Four years ago this week, Superstorm Sandy struck the Atlantic Coast, causing more than 100 deaths in the United States, destroying thousands of homes and devastating coastal communities. There has been healing and recovery, but the memory of Sandy lives on – especially for the many people who are still struggling to rebuild homes and put their lives back together.
Today, Sandy serves as a reminder of the past and a lesson for the future. Science tells us that future will include more intense hurricanes and tropical storms predicted with a changing climate, causing more damage to coastal ecosystems and communities. In fact, a recent study published in Proceedings of the National Academy of Sciences predicts disastrous floods like those seen during Sandy may hit New York City 17 times more often in the next century.
Hurricane Matthew is a recent reminder of how these storms threaten lives and result in millions of dollars in property damage. They also expose the vulnerability of beaches, sand dunes, and coastal marshes that not only provide habitat for fish and wildlife but protect local communities from flooding.
In the aftermath of Sandy, federal, state and local groups have stepped forward in an unprecedented effort to strengthen natural defenses along the Atlantic Coast, protecting communities and wildlife from future storms. At the heart of this effort is one key concept: resilience.
Resilience means being able to bounce back from stress or damage and return quickly to a functioning state. We want to raise resilient kids. We want to be resilient in our careers. Ideally, we want our health and finances to be resilient.
And we want nature to be resilient in the face of damage, stress and unpredictability. A resilient coastline is one that can weather a hurricane without being destroyed, one that can adapt to rising seas and an unpredictable climate, one that can support the wildlife and people who call it home.
How do we make coastlines resilient?
The U.S. Fish and Wildlife Service and other Department of the Interior agencies are investing $787 million in federal funding for Sandy recovery for hundreds of projects to clean up and repair damaged refuges and parks; restore coastal marshes, wetlands and shoreline; connect and open waterways to improve flood control; and increase our scientific understanding of how these natural areas are changing.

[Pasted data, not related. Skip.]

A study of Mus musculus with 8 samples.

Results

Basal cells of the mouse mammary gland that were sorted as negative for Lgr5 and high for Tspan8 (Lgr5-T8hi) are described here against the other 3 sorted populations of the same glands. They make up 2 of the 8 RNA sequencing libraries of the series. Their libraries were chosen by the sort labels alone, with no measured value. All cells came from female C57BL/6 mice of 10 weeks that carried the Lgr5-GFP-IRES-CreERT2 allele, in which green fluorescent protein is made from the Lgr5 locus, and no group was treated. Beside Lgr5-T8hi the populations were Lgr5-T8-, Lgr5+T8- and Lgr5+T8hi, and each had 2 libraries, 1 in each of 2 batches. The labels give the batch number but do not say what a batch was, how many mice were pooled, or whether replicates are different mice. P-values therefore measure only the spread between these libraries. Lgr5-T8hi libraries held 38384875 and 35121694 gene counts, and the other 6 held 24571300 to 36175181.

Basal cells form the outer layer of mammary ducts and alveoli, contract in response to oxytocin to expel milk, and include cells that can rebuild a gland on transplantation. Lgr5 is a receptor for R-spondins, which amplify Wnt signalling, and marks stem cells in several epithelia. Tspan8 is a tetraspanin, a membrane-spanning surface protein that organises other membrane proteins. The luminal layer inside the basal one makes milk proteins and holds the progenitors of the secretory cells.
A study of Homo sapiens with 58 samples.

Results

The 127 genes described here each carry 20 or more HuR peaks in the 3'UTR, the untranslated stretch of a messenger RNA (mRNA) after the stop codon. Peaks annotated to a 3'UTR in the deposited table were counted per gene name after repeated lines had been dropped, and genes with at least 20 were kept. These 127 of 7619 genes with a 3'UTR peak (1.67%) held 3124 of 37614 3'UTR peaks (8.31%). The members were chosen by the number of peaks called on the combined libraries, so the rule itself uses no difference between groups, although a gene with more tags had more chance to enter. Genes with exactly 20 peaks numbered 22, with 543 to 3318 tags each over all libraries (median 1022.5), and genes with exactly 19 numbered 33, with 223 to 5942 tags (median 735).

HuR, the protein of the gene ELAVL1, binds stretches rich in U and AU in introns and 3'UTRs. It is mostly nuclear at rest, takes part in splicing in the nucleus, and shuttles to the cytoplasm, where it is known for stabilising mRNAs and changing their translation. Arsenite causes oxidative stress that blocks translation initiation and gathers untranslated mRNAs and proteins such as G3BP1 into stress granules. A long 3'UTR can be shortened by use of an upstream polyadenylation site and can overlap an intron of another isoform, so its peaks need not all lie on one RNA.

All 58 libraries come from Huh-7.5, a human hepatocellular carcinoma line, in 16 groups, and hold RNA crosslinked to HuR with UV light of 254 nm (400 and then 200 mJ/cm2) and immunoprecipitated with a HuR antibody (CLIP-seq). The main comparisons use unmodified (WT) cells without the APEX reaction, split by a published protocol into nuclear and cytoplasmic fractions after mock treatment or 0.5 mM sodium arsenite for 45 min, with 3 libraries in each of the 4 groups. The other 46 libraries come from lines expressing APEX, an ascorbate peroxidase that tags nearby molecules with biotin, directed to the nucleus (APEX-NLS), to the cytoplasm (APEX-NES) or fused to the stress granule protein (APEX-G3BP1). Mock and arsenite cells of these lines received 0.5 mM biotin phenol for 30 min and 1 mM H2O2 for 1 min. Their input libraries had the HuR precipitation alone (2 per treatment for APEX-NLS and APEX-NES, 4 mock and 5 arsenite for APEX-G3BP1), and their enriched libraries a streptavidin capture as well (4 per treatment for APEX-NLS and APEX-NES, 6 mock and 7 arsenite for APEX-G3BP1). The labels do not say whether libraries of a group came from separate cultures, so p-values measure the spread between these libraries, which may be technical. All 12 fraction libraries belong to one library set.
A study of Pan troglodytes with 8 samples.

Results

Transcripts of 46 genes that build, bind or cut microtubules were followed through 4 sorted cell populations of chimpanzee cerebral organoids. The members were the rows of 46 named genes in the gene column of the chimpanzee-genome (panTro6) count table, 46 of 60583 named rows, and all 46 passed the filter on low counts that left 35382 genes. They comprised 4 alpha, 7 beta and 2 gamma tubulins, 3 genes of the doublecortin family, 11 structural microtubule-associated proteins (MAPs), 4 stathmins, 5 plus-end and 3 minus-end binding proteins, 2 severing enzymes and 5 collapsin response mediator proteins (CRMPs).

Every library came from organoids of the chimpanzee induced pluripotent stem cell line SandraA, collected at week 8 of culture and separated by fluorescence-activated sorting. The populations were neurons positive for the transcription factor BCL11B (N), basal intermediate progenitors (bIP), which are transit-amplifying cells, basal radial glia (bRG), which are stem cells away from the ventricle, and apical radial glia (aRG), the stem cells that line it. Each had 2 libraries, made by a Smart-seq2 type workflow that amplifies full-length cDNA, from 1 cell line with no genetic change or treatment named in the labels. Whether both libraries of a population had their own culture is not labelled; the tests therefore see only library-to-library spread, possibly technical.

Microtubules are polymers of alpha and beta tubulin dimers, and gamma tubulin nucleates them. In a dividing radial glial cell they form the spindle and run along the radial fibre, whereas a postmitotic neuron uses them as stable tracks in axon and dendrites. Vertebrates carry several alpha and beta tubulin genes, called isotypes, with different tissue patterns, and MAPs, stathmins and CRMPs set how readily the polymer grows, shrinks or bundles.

These investments support the goal of President Barack Obama’s Climate Action Plan to make communities more resilient to increasingly intense storms predicted with a changing climate. They also create jobs and provide opportunities for fishing, hiking, wildlife watching and other recreational opportunities.
In Delaware, the Fish and Wildlife Service and partners completed a $38 million project to restore 4,000 acres of tidal marsh at Prime Hook National Wildlife Refuge, one of the most complex marsh restoration efforts ever attempted on the U.S. East Coast. The project used state-of-the-art science and computer modeling to explore multiple restoration approaches before settling on the one that can make this coastline more resilient to the impacts of climate change. By stabilizing marshes and beaches, restoring wetlands, and improving the resilience of coastal areas, Prime Hook exemplifies how strengthening natural defenses can help protect local communities from powerful storm surges and devastating floods during intense storms.
The completed project has already shown signs of success – including record numbers of horseshoe crabs, migratory birds such as least tern, American oyster catcher and the refuge’s first-ever piping plover nest. Even before work was finished, staff noticed that the restored beach areas held up better under winter storm Jonas in January 2016 – which caused higher tides than Sandy – than nearby non-restored areas.
If there’s a silver lining to Sandy, it’s that it has helped galvanize natural resource protection efforts around the issue of resilience. With anticipated rising sea levels, more frequent and intense storms, shifting seasons and higher temperatures, we need to continue to work together to better understand and adapt to changing conditions. Strong natural defenses will help all of us better weather future storms.